MANILA: Filipino forces would dismantle any floating barrier that China’s coast guard may install in the disputed South China Sea, a Philippine admiral said Wednesday after Manila infuriated China by removing one such obstruction in a contested shoal.
Philippine officials strongly condemned the installation last week of a 300-meter-long (980-foot) barrier by Chinese coast guard vessels at the entrance to the lagoon of Scarborough Shoal as a violation of international law and the country’s sovereignty.
The barrier has prevented a swarm of Filipino boats from entering the rich fishing area, they said. The shoal lies within the Philippines’ exclusive economic zone just west of the main Luzon Island, but has been occupied by China since 2012 as part of a push by Beijing to lay claim to virtually the entire South China Sea.
On Monday, the Philippine coast guard said it has complied with an order by President Ferdinand Marcos Jr. to launch a covert operation to remove the rope and net barrier held up by small buoys in the mouth of the shoal. China reacted on Tuesday by asking the Philippines “not to make provocations or seek trouble.”
“Huayang Island is China’s inherent territory,” Chinese Foreign Ministry spokesperson Wang Wenbin said in a news briefing in Beijing on Wednesday, referring to the Chinese name for Scarborough.
“What the Philippines (has) done is nothing but a farce that entertains itself. China will continue to safeguard territorial sovereignty and maritime rights and interests of Huangyan Island.”
Philippine Vice Adm. Alberto Carlos, who heads the military’s Western Command in charge of overseeing the South China Sea, told journalists he was concerned that the Chinese coast guard may also install a similar floating barrier at the entrance to Second Thomas Shoal, which is occupied by a small Philippine navy contingent on a long-grounded warship but has been surrounded by Chinese coast guard ships.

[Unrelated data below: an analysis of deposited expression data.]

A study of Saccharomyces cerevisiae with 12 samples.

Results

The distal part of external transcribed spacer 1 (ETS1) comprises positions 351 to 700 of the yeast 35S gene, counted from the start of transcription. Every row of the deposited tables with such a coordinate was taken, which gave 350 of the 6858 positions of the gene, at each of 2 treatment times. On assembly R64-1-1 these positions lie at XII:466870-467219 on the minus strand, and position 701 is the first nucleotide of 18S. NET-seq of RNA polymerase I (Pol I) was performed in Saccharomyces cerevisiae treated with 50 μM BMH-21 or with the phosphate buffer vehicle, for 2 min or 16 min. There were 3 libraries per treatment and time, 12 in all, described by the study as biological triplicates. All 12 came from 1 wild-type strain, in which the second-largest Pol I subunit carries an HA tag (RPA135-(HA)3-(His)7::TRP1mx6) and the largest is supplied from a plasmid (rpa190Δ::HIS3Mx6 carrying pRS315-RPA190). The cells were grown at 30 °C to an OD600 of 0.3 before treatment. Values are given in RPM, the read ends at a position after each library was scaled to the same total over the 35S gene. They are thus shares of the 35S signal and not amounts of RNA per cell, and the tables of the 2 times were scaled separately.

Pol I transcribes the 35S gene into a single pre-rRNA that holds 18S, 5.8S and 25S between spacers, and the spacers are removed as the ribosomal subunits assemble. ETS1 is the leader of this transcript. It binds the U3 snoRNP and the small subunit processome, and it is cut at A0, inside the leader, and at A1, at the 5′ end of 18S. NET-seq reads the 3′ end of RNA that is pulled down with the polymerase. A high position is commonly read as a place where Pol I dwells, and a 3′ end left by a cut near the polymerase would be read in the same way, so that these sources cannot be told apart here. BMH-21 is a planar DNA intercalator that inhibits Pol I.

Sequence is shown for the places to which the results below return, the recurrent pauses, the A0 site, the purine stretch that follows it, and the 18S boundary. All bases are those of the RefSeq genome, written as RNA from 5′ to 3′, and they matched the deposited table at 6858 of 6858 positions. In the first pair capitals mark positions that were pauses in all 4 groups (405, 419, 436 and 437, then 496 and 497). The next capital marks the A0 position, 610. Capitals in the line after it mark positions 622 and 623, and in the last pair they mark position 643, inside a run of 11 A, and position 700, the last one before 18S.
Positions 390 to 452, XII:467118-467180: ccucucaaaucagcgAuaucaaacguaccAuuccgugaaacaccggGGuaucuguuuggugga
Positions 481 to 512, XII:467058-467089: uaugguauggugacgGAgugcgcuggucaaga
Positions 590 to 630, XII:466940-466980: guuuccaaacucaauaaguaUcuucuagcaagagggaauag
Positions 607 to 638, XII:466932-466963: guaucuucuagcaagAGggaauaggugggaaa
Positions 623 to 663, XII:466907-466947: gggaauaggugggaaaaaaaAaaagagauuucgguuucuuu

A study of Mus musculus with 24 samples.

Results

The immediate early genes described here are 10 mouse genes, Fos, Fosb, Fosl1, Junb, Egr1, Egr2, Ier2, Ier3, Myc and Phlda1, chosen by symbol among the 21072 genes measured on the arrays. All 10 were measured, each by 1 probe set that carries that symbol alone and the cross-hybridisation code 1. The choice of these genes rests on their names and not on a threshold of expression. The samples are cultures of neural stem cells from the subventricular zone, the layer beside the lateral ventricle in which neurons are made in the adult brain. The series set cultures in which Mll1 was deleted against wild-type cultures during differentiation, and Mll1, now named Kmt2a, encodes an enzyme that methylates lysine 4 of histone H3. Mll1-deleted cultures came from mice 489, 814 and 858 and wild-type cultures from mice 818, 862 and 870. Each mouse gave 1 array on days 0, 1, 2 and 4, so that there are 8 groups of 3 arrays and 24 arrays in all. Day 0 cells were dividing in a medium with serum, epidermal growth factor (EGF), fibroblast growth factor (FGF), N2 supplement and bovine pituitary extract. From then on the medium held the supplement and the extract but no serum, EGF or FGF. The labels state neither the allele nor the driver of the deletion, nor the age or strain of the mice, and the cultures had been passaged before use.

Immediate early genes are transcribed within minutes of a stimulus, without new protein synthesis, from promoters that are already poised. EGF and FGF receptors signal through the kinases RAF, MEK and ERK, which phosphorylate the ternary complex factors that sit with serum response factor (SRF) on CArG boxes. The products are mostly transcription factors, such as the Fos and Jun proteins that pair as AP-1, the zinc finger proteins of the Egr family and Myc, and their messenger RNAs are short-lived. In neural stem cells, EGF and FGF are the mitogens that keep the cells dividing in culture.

“My concern is, if they also put a barrier in Ayungin … we also have to remove the barrier,” Carlos told journalists, using the Philippine name for Second Thomas Shoal. “Whatever they install, we will remove.”
Under Marcos, who took office last year, the Philippines has intensified efforts to fight China’s increasingly aggressive actions in one of the world’s most hotly contested waters. The Philippine coast guard now often invites journalists to join its territorial patrols in an effort, it says, to expose China’s bullying in the busy waterway.
Aside from China and the Philippines, Vietnam, Malaysia, Brunei and Taiwan are also involved in the long-simmering territorial conflicts in the South China Sea. The areas have long been regarded as a potential Asian flashpoint and a delicate fault line in the US-China rivalry in the region.
Washington lays no claim to the sea passageway, a major global trade route, but US Navy ships and fighter jets have carried out patrols for decades to challenge China’s expansive claims and promote freedom of navigation and overflight. China has told the US to stop meddling in what it says is a purely Asian dispute.
Carlos said the Philippine military would comply with Marcos’s order to ensure that the marooned and crumbling navy ship, which Filipino forces use as a territorial outpost at Second Thomas Shoal “should remain there, strong enough to be able to fly the Philippine flag.”
China has asked the Philippines to tow away the ship from the shoal. But Marcos and the Philippine military have insisted the offshore region lies in their country’s exclusive economic zone.
Chinese coast guard ships have repeatedly tried to block Philippine resupply vessels, resulting in near-collisions.
Washington has said it’s obligated to defend the Philippines, its oldest treaty ally in Asia, if Filipino forces, ships and aircraft come under attack, including in the South China Sea.